Access Specifiers in C++

Data hiding feature prevents direct access to the internal class representation. The access restriction is done by using private, public, and protected keywords inside the class. These keywords, private, public, and protected, are known as access specifiers or modifiers in C++. See the following syntax.

#Syntax

See the following syntax.

class class_name
{
   private:   

        // private members are present under this column

   public:

       // public members are present under this column

   protected:

       // protected members are present under this column
};

#Defining the access modifiers:

#Public

All the data members who are under the public keyword is available to everyone in the class be it the member functions, or in the main function, we can directly access the class members who are quoted under the public keyword.

We can directly access it by using the dot operator(.) with the object of the class. Public attributes of the class can be accessed by other classes also.

#Private

All the data members who are under private keyword is only accessible by the functions present inside the class. They cannot be directly accessed with the object of that particular class. A friend function can access the private members of the class.

By default, all the class members are private. The main use of using private is to keep the data secure, and we maintain it to the class internal representation only so that the data of the user is secure.

Example of a bank can be used here as we can store the bank employees salary as private data members as it is confidential data.

#Protected

A protected member possesses most of the properties of a private member. It has an additional feature than of private data members that it is can be accessed by the derived or child classes. We can get an idea about derived and base classes in inheritance.

For now, we can say that derived class is the class which has to inherit the properties of the base class. Protected member of the class is also inaccessible from outside the class until the member is being used in the subclass.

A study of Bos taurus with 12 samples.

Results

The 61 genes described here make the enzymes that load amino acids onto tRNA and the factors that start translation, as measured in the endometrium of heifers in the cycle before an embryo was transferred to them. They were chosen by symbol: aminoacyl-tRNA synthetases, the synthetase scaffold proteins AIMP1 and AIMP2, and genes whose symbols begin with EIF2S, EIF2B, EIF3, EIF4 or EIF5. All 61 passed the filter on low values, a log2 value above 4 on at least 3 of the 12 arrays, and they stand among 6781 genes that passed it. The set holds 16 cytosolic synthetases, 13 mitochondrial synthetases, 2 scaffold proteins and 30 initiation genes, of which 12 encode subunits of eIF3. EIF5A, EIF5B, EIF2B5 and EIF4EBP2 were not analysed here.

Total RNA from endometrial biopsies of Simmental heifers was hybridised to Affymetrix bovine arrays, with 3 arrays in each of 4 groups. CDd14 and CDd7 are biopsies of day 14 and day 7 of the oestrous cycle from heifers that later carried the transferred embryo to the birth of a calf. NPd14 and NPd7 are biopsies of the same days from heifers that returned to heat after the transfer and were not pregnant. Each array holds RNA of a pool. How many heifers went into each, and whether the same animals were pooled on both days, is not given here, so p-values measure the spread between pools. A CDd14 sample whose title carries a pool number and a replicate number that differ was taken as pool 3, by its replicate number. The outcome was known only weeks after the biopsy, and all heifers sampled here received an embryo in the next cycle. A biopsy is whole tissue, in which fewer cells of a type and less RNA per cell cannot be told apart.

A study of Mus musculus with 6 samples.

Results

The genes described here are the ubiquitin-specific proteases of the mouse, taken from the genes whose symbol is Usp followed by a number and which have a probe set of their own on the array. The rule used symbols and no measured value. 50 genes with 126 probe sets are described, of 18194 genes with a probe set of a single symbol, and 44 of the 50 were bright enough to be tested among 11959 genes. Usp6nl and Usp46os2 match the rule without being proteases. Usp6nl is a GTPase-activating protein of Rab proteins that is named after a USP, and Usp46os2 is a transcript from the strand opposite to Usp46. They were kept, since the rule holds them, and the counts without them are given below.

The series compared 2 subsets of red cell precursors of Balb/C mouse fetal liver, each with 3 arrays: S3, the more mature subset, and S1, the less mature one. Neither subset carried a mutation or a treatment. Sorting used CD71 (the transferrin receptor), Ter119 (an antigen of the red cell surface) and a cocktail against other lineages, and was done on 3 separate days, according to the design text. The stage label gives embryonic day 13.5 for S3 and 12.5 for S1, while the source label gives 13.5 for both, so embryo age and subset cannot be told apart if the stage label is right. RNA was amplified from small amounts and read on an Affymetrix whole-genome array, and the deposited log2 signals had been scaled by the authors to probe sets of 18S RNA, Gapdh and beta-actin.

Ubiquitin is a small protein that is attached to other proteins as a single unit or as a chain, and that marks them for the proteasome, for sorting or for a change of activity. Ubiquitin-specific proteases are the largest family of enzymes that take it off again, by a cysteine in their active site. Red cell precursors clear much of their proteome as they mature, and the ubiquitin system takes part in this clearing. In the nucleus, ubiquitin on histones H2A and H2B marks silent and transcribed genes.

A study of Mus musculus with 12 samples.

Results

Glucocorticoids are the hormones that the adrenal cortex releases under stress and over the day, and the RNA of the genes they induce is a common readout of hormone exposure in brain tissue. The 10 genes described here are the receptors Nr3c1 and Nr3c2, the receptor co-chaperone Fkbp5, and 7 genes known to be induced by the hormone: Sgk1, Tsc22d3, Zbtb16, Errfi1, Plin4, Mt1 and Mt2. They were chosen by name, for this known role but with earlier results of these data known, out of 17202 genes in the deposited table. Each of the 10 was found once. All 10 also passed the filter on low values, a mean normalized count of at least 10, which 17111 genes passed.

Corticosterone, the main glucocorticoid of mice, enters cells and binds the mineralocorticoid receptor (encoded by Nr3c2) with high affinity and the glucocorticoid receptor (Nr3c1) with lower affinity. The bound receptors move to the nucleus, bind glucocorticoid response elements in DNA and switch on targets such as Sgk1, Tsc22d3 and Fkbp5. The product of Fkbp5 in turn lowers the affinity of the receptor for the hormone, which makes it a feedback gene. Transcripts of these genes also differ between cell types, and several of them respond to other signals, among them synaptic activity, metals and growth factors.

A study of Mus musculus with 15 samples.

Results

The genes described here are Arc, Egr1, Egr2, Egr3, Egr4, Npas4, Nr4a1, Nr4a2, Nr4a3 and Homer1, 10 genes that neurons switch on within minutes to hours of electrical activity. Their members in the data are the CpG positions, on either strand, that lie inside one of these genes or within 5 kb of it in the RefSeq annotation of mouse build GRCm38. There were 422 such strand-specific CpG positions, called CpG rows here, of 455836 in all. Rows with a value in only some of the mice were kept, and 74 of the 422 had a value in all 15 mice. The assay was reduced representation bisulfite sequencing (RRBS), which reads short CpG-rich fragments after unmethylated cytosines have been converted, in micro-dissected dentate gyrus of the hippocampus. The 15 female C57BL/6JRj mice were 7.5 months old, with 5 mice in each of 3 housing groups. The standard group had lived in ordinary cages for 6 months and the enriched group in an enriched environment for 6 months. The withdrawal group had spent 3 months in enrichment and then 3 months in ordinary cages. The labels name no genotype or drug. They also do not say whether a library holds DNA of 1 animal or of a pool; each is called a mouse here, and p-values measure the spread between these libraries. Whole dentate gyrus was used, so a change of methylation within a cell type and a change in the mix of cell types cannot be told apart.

Permissions for the class members under specific access specifier:

#Specifiers In same class Outside class In the derived class

Public        Yes    Yes    Yes

Private       Yes    No     No

Protected  Yes     No     Yes

#Examples for access specifiers in C++

#Example 1

Write a program to show the mechanism of public and private class members. Declare a data member as private in a class and use it in the functions derived in public and call the function using object of the class. See the following program.

#include <iostream>
using namespace std;
class A
{
private:
  int a, b;

public:
  void getdata(int x, int y)
  {
    a = x;
    b = y;
  }
  void showdata()
  {
    cout << "The sum of two private integer data members are = " << a + b << endl;
    cout << "The product of two private integer data members are = " << a * b << endl;
  }
};
int main()
{
  A obj;
  obj.getdata(4, 5);
  obj.showdata();
  return (0);
}

See the following output.

 

Access Specifiers in C++ Example

#Example 2

Write a program to show the mechanism of protected access specifier. Use a variable declared in the protected section of the class in the subclass of that class.

See the following code example.

#include <iostream>
using namespace std;
class A
{
protected:
  int a, b;

public:
  void getdata(int x, int y)
  {
    a = x;
    b = y;
  }
};
class B : public A
{
public:
  void showdata()
  {
    cout << "The value of the first protected variable(output of subclass)= " << a << endl;
    cout << "The value of the second protected variable(output of subclass)" << b << endl;
    cout << "Sum of the protected variables = " << a + b << endl;
  }
};
int main()
{
  B obj;
  obj.getdata(4, 5);
  obj.showdata();
  return (0);
}

See the following output.

 

C++ Access Specifiers

Finally, Access Specifiers in C++ Example | C++ Access Specifiers is over.